What is “server-side” encryption?

This is encryption that takes place at the server machine as opposed to the client machine, as in NEP. With server-side encryption, the encryption drivers only need to reside on the server machine where the database process resides. Encryptionizer for SQL Server and for SQL Express is a server-side encryption tool.

What is the difference between Transparent Database Encryption and Column Encryption?

Transparent database encryption and column encryption are actually two completely different methods of providing data encryption. Each has its advantages and limitations. For more information, please follow this link: Differences between transparent database and column encryption.

Why is NetLib’s Transparent Database Encryption (Whole Database) faster than Column Encryption?

It seems counter-intuitive. Why would performance when working with a wholly encrypted database be better than performance when working with just a few columns? That is because NetLib’s patented Transparent Database Encryption processing actually takes place between the SQL Server and file system layers. Since Transparent Database Encryption works at such a low level, it… Read More

How is Encryptionizer different from other encryption tools?

Most encryption security tools are not designed to work with SQL Server or SQL Express. The few that do require a large amount of ongoing administration. Some are considerably more expensive. Generic encryption tools, such as those that encrypt an entire directory or drive, are usually suitable for small standalone systems and require the user… Read More

Can I use Encryptionizer to protect a database from the DBA?

In many cases, yes.  This is often important to developers distributing an MSSQL Server or SQL Express-based application. They want to ensure that the end user can only access the database through the supplied application, not through SQL Management Studio or a query window.  Just changing the SA password is not enough! The end user… Read More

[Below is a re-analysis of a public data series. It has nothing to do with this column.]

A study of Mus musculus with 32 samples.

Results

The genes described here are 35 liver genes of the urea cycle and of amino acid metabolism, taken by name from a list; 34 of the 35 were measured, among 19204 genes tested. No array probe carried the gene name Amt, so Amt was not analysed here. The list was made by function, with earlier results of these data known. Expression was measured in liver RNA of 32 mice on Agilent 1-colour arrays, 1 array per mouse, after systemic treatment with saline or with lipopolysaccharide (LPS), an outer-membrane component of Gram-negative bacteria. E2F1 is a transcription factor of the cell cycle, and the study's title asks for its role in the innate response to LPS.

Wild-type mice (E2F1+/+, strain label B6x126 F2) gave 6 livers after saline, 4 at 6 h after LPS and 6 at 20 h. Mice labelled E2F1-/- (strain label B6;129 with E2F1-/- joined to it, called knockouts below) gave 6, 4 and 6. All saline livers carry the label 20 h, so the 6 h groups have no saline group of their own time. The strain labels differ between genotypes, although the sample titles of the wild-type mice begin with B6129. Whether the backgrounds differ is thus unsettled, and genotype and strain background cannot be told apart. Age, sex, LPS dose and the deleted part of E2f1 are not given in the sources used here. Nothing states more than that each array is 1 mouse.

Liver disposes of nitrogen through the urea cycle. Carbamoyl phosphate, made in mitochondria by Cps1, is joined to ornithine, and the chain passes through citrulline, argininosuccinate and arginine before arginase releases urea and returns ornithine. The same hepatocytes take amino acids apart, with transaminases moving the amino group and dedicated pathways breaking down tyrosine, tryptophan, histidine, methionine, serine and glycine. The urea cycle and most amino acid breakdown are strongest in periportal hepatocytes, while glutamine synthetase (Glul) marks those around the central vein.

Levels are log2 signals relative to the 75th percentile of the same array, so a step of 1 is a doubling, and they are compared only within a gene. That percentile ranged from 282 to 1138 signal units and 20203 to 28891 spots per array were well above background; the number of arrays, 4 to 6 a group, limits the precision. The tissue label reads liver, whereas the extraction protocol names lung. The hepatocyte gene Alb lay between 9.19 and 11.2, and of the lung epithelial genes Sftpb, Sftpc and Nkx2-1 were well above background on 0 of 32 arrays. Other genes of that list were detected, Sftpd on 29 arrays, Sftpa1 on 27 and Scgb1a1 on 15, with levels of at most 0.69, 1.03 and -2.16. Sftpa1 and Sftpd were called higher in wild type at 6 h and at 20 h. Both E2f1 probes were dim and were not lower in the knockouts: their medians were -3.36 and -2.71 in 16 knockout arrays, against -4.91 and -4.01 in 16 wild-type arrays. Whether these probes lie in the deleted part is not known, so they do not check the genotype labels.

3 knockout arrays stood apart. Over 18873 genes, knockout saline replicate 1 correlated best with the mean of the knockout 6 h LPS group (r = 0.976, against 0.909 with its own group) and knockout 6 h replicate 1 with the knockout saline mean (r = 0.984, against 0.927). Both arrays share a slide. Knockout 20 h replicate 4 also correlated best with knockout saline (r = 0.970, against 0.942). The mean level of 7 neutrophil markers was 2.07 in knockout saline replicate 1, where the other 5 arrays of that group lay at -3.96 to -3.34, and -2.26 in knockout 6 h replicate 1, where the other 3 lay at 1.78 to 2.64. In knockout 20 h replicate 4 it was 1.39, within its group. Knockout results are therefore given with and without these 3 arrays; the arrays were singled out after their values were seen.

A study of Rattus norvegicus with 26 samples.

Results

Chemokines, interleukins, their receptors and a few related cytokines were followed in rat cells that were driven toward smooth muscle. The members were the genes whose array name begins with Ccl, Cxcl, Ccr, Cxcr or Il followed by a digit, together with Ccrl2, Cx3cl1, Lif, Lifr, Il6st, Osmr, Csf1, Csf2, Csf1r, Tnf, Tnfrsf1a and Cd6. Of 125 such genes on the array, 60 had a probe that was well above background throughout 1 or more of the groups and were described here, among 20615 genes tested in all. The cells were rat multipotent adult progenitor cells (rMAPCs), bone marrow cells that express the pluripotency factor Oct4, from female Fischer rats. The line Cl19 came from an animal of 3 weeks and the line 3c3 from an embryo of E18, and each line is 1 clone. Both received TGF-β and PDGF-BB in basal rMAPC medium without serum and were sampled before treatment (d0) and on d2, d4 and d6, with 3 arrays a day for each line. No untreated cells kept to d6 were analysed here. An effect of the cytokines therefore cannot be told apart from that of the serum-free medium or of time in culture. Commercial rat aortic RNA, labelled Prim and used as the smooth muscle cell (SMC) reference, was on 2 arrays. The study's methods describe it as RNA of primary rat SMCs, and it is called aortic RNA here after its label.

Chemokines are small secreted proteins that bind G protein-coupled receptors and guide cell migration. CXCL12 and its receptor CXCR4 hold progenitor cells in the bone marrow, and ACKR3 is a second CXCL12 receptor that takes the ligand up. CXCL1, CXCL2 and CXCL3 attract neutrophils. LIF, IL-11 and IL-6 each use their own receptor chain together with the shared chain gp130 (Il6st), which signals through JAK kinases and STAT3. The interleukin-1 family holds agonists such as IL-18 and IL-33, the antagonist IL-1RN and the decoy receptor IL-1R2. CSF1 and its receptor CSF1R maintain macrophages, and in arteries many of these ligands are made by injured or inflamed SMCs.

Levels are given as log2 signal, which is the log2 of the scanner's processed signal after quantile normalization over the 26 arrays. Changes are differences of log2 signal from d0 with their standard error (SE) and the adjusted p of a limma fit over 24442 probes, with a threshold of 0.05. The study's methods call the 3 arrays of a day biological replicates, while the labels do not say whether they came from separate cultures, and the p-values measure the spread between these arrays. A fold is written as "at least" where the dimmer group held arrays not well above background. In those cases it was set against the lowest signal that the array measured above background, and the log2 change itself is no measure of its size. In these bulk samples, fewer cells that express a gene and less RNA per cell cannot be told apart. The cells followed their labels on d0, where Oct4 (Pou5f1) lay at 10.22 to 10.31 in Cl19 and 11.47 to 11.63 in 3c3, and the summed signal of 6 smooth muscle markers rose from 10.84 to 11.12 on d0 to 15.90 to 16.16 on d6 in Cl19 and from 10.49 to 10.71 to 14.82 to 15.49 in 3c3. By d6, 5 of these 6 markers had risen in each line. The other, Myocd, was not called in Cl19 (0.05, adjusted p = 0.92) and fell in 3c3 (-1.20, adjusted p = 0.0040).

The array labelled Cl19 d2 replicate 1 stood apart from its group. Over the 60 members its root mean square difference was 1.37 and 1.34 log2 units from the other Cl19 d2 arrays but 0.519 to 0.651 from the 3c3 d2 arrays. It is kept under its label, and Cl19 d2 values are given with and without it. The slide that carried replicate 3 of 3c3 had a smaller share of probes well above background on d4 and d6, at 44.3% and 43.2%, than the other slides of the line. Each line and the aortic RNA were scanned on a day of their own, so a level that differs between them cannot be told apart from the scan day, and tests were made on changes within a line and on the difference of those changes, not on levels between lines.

Who needs to know the encryption key(s)?

Only the person who originally encrypts the database needs to know the key(s). This is usually the DBA or an administrator of some kind. Our “Split Knowledge Protocol” allows you to split a key among two or more people so that no single person knows the entire key. One optional feature allows you to ask… Read More

Where are the data keys stored?

Data keys are stored with a variety of methods, and we are constantly adding new methods. The primary methods are: Keys can be stored in a strongly encrypted file (called a profile) on the local drive. Keys can be stored in a profile on a floppy disk, CD, or USB key. The authorized user must… Read More

What editions of SQL Server do you support?

We work on all editions of SQL server from SQL Express to Enterprise. Encryptionizer is tested with major released service packs for SQL Server. It is not specifically tested with Hotfixes or Cumulative Updates. If you must apply a Hotfix or Cumulative Update, we recommend as Microsoft does to test in a test or development… Read More

Does Encryptionizer work on clustered servers?

Yes! Encryptionizer for SQL Server works with clustered servers, both active/active and active/passive on Windows 2003 and up. Encryptionizer must be installed independently on each server. The User Guide includes detailed instructions for installation on a cluster.

Can I split keys for added security?

Encryptionizer has a feature whereby two different people to are able to enter a portion of the key without allowing each to see the other portion.